A proposal to convert what was once the Northville School House on Sound Avenue into a microbrewery ran into opposition from several civic and environmental organizations at a public hearing before the Riverhead Town Zoning Board of Appeals Thursday night.
The applicant is “McCarthy’s on the Green,’ which is owned by Tim McCarthy of Lake Grove and George Greene of Wading River. The building is owned by John Reeve Jr. and McCarthy’s would be tenants.
The News-Review was at the meeting. Here’s some of what was said:
• Mr. McCarthy said the company plans to buy, rather than grow, the ingredients needed to make the beer. He envisions the microbrewery tying-in with the area’s wineries.
• Richard Wines, chairman of the town landmarks preservation committee, said he hopes the ZBA allows the microbrewery, but with conditions that the property owner request that the building be made a town landmark and brought under the protection of the town’s historic preservation code; that the owners commit to growing their ingredients on Riverhead farmland; and that provisions are put in place to prevent excessive noise or inappropriate events.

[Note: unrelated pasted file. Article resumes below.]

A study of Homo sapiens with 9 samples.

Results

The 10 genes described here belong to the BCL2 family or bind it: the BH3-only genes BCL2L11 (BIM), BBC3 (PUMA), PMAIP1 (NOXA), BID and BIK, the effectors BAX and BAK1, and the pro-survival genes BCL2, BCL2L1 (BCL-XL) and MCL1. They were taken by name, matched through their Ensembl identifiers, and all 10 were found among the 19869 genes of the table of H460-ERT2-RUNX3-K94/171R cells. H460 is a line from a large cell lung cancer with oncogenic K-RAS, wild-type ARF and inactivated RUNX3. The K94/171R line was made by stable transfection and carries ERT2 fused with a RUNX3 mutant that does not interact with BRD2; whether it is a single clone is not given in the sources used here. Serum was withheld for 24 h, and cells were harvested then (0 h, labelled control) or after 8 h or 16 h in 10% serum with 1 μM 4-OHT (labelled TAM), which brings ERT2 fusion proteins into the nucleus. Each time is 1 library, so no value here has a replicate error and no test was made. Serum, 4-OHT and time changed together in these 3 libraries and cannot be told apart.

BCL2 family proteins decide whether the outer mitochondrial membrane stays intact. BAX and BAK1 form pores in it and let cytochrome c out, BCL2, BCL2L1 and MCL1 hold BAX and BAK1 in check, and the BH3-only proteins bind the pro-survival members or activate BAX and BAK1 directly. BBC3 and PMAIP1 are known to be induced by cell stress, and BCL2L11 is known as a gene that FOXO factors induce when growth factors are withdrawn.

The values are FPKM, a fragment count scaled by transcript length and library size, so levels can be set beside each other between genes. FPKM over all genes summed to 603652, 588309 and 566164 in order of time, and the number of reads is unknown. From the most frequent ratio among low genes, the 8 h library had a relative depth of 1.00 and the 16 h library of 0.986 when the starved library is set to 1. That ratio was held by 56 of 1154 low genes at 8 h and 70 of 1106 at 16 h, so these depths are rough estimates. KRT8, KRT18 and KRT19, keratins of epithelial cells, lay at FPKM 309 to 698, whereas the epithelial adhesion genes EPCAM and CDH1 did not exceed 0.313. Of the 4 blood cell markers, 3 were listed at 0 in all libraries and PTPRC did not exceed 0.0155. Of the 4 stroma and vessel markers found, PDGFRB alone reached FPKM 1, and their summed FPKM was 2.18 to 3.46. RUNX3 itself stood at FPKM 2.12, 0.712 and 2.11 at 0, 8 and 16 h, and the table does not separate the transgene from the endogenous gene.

Mr. Wines stressed that his letter was only representing his opinion and not that of the Landmarks Preservation Commission.
• “The appeal before the ZBA to allow a brewery operation on the 3.9 acre site of the old Northville school house is of concern to the NFEC because of the precedent that would be set if the appeal is grant,” said North Fork Environmental Council board member Dan Durett.
Mr. Durett advocated holding off on a decision to allow other town agencies to review the application.
“I don’t doubt the sincerity of the people that spoke tonight, but this building was neglected for many years. It was a mess,” he said. “Since John Reeve bought it, he has done a lot of work in repairing it and restoring it consistent to the original design.”
The ZBA took no action and adjourned the hearing to June 14.
The application is three-pronged:
The applicants are asking that a microbrewery be considered agricultural production, which would make it a permitted use in the Agricultural Protection Zone (APZ), where it is located. Barring that, they are asking for a pre-existing woodworking and storage use be changed to microbrewery, another pre-existing use, and barring that, that are asking to be granted a use variance to allow a use not permitted by zoning.
Many others spoke at the event as well. Pick up the May 30 News-Review for a full story.